The piles of opened books around Dr. Kevin Pinney’s office speak to the chemistry professor’s enthusiastic devotion to academics. A graduate of Ohio Wesleyan, he holds BAs in chemistry and chemical engineering, as well as a PhD in chemistry from the University of Illinois.
Pinney specializes in organic chemistry and is currently involved in projects on molecular recognition and vascular targeting as it applies to cancer research. He is involved in the High School Summer Science Program, in which high school students come to Baylor for six weeks during the summer and research with professors and graduate students. Pinney finds these young scientists enthusiastic, and explains that many of the students enroll at Baylor after graduation.
In addition to teaching classes during the school year, Pinney works with many undergraduate students on their theses and with students in his research group. The research group is comprised of 20-25 graduate and undergraduate students. The group operates as a family, at times working on projects together, and at times exploring individual endeavors.
In the research group, teaching and research are coextensive. Pinney believes that “research is the purest form of teaching.” The research group is structured to nourish the development of research skills by promoting collaboration in the search for new knowledge. It allows students and teachers alike to partake in in-depth laboratory experimentation on cutting-edge scientific topics, such as Pinney’s recent cancer developments. Pinney enjoys having undergraduate students in his group because they have “lots of enthusiasm and interesting ideas.”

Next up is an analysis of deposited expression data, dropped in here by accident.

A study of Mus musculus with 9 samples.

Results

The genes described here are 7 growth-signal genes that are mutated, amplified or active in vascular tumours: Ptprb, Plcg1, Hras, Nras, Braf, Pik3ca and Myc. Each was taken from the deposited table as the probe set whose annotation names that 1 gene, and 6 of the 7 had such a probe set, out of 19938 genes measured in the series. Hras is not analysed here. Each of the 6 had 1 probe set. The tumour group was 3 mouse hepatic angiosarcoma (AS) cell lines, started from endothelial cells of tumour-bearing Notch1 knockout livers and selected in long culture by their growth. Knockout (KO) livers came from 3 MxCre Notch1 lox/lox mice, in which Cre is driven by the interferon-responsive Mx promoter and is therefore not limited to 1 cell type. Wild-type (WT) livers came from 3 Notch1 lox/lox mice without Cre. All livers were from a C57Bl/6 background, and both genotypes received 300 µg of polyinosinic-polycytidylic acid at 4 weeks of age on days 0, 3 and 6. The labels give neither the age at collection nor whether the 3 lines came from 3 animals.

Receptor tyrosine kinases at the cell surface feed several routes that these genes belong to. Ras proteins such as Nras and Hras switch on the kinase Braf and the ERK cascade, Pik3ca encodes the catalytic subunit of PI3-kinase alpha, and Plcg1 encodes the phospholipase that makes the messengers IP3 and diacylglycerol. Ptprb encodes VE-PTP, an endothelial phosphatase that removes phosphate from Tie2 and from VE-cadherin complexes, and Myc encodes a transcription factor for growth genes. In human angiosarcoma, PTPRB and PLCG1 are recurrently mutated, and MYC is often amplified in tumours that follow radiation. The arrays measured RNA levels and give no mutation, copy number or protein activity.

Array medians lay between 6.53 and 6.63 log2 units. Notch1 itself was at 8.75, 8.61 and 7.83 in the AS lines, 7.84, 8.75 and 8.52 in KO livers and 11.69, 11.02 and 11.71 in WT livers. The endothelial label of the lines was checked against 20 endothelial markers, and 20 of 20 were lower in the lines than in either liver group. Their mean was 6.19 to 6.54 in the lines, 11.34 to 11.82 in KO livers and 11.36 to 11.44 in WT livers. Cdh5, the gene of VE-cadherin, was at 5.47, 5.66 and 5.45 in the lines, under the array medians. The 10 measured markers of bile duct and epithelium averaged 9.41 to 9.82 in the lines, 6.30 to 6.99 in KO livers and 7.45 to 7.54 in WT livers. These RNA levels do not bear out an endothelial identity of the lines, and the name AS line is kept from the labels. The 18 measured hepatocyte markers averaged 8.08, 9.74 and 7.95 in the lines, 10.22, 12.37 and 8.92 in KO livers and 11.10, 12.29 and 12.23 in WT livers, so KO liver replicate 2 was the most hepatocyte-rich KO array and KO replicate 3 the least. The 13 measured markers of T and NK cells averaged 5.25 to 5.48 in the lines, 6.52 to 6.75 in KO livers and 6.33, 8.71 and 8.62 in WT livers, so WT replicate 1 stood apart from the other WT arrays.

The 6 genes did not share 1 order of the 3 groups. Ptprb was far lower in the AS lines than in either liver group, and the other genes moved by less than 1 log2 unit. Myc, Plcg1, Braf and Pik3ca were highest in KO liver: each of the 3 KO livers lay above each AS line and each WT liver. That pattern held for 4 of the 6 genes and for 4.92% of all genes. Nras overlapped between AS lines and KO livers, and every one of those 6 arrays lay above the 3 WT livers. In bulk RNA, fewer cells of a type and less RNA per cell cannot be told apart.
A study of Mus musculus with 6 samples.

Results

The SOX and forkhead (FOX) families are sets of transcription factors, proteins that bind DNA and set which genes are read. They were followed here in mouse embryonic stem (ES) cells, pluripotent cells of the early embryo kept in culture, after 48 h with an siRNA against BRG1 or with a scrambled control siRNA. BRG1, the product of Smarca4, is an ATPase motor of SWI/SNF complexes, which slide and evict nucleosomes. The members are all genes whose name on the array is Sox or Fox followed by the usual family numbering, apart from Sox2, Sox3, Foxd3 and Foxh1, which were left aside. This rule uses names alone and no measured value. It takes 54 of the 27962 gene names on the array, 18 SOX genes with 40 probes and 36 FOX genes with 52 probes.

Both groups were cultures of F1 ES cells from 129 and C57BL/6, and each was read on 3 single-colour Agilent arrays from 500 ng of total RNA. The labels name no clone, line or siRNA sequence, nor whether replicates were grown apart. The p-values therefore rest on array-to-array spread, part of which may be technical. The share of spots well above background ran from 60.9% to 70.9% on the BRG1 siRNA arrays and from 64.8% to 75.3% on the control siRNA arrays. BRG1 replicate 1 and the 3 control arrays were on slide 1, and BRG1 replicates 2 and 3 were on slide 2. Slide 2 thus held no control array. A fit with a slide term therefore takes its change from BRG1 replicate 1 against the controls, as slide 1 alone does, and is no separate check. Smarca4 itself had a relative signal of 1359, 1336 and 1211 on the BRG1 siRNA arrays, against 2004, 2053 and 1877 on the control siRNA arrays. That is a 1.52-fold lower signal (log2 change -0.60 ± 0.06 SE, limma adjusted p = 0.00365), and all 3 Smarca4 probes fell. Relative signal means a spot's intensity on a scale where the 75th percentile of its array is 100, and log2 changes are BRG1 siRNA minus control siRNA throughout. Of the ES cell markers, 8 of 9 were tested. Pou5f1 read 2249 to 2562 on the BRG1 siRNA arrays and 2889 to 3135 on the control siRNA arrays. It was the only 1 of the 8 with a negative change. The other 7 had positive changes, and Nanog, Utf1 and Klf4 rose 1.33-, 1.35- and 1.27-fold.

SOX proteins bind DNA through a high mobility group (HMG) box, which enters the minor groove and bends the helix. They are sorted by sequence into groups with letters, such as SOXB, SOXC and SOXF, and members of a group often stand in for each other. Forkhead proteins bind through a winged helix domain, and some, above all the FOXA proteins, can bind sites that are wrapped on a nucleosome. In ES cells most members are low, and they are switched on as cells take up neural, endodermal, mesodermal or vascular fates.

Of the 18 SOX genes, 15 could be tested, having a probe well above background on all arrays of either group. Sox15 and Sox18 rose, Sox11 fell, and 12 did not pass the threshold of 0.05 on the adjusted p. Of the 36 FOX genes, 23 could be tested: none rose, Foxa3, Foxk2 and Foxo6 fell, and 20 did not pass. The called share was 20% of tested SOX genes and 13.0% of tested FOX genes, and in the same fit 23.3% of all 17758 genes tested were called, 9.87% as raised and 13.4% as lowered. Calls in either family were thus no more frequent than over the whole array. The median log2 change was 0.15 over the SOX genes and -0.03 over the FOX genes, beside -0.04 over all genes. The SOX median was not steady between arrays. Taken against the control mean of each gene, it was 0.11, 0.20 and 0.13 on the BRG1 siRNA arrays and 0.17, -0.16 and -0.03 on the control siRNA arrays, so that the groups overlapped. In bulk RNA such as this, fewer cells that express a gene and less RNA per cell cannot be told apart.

Dr. Kevin Pinney has found a way to combine his own passion for organic chemistry with his desire to encourage others on their paths to careers in science. He explains that “you can’t forget the component of fun” in any endeavor, and he encourages all students to “find what you are passionate about” and pursue it with all of your heart.
Dr. Pinney has a deep devotion to academic excellence and a love for the young minds he shapes. He makes students excited about the future—not only their own, but also that of their discipline.